Istria is one of few parts of Croatia without a real motorway. That is about to change.
One of the items on today’s session of the Croatian government in Pula is a change to the concession agreement with Bina-Istra, which should enable the construction of a full-profile motorway on the Pazin-Učka section of the current “Istrian Y” highway. The investment amounts to 165 million euro and the government has lobbied intensively for it in Brussels. The green light for the concession extension was issued by the European Commission in June this year, reports Večernji List on September 13, 2018.
The government expects that the construction of the second lane on the northeast part of the highway, from Rogovići to Vranje in the length of 28 kilometres, will begin by the end of the year. The construction includes 11 new viaducts, 14 underpasses, three new overpasses, and numerous supporting walls and auxiliary buildings.
The Ministry of Maritime Affairs, Transport and Infrastructure says that this is a fairly demanding section because it is necessary to build 31 road objects in a total length of 2,510 metres.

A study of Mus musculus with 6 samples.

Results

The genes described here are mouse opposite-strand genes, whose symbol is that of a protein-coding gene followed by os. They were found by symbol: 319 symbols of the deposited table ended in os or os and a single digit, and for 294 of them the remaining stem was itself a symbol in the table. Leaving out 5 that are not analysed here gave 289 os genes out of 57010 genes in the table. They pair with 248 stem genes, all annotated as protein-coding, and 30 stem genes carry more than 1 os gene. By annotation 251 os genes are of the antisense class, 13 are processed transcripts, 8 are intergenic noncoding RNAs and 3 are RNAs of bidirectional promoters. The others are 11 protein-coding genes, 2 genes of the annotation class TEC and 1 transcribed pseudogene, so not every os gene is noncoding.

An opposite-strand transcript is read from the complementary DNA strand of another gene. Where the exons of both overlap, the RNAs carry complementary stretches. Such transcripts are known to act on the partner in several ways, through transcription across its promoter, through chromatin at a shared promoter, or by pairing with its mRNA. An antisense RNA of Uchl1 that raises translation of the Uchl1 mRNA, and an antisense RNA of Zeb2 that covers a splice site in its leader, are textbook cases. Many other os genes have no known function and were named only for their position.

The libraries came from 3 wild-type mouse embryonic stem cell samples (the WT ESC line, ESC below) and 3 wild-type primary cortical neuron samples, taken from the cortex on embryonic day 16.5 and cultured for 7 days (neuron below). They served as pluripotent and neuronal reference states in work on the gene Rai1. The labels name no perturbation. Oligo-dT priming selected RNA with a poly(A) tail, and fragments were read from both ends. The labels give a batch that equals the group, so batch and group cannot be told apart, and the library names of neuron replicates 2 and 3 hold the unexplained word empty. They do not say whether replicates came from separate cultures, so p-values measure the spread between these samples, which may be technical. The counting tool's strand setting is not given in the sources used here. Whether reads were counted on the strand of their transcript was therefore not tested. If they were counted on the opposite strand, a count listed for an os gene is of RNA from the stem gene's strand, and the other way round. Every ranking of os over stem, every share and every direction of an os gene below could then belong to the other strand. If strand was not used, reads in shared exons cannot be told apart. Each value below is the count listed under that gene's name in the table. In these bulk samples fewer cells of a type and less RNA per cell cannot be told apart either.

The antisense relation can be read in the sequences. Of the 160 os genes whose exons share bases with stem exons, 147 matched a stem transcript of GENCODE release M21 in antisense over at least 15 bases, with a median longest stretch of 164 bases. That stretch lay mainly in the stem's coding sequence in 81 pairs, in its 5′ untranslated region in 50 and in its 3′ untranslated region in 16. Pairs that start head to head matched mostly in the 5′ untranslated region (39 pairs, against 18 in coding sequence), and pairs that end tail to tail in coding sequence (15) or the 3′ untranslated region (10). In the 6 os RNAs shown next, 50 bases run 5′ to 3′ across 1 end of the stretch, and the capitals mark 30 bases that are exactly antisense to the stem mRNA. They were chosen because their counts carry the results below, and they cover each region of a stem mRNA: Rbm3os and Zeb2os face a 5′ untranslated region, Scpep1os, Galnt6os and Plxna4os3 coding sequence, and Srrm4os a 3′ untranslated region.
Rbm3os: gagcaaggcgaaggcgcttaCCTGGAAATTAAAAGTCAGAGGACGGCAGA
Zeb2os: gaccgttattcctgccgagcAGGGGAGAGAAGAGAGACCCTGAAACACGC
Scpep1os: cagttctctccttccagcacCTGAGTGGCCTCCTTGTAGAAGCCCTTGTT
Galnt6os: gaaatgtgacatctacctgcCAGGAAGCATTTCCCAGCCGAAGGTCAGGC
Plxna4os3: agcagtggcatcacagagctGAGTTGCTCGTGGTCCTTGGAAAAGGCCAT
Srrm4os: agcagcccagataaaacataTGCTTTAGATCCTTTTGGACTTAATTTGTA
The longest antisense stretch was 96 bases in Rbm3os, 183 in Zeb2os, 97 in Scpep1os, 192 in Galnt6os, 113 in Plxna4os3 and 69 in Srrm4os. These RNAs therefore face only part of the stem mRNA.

The works on the section will take three years, and the first six-kilometre-long section Rogovići-Ivoli will see the first traffic about two years after the start of the works. The government says that 95 percent of the works will be performed by Croatian companies, as sub-contractors of Bouygues TP. The investment will enable the employment of 1,000 people during construction, and about ten people after the construction in the maintenance services. It is expected that the investment will have a positive impact on GDP growth, by about 0.5 percent during the construction.
In order to make the project possible, it is planned that the concession contract with Bina-Istra will be extended to June 2034. The contract has been a frequent target of criticism because of the fact that since 1995, when Bina-Istra was granted the concession, the state has been obliged to cover the company’s potential losses due to reduced traffic. The European Commission has now insisted on reducing the risk assumed by the state, so part of the toll collection risk will be borne by the shareholders in the future.
The government expects that the concessionaire will pay up to 986 million kuna in concession fees by 2034 and that the contract will have a positive effect on the state budget as well.
Translated from Večernji List (reported by Iva Boban Valečić).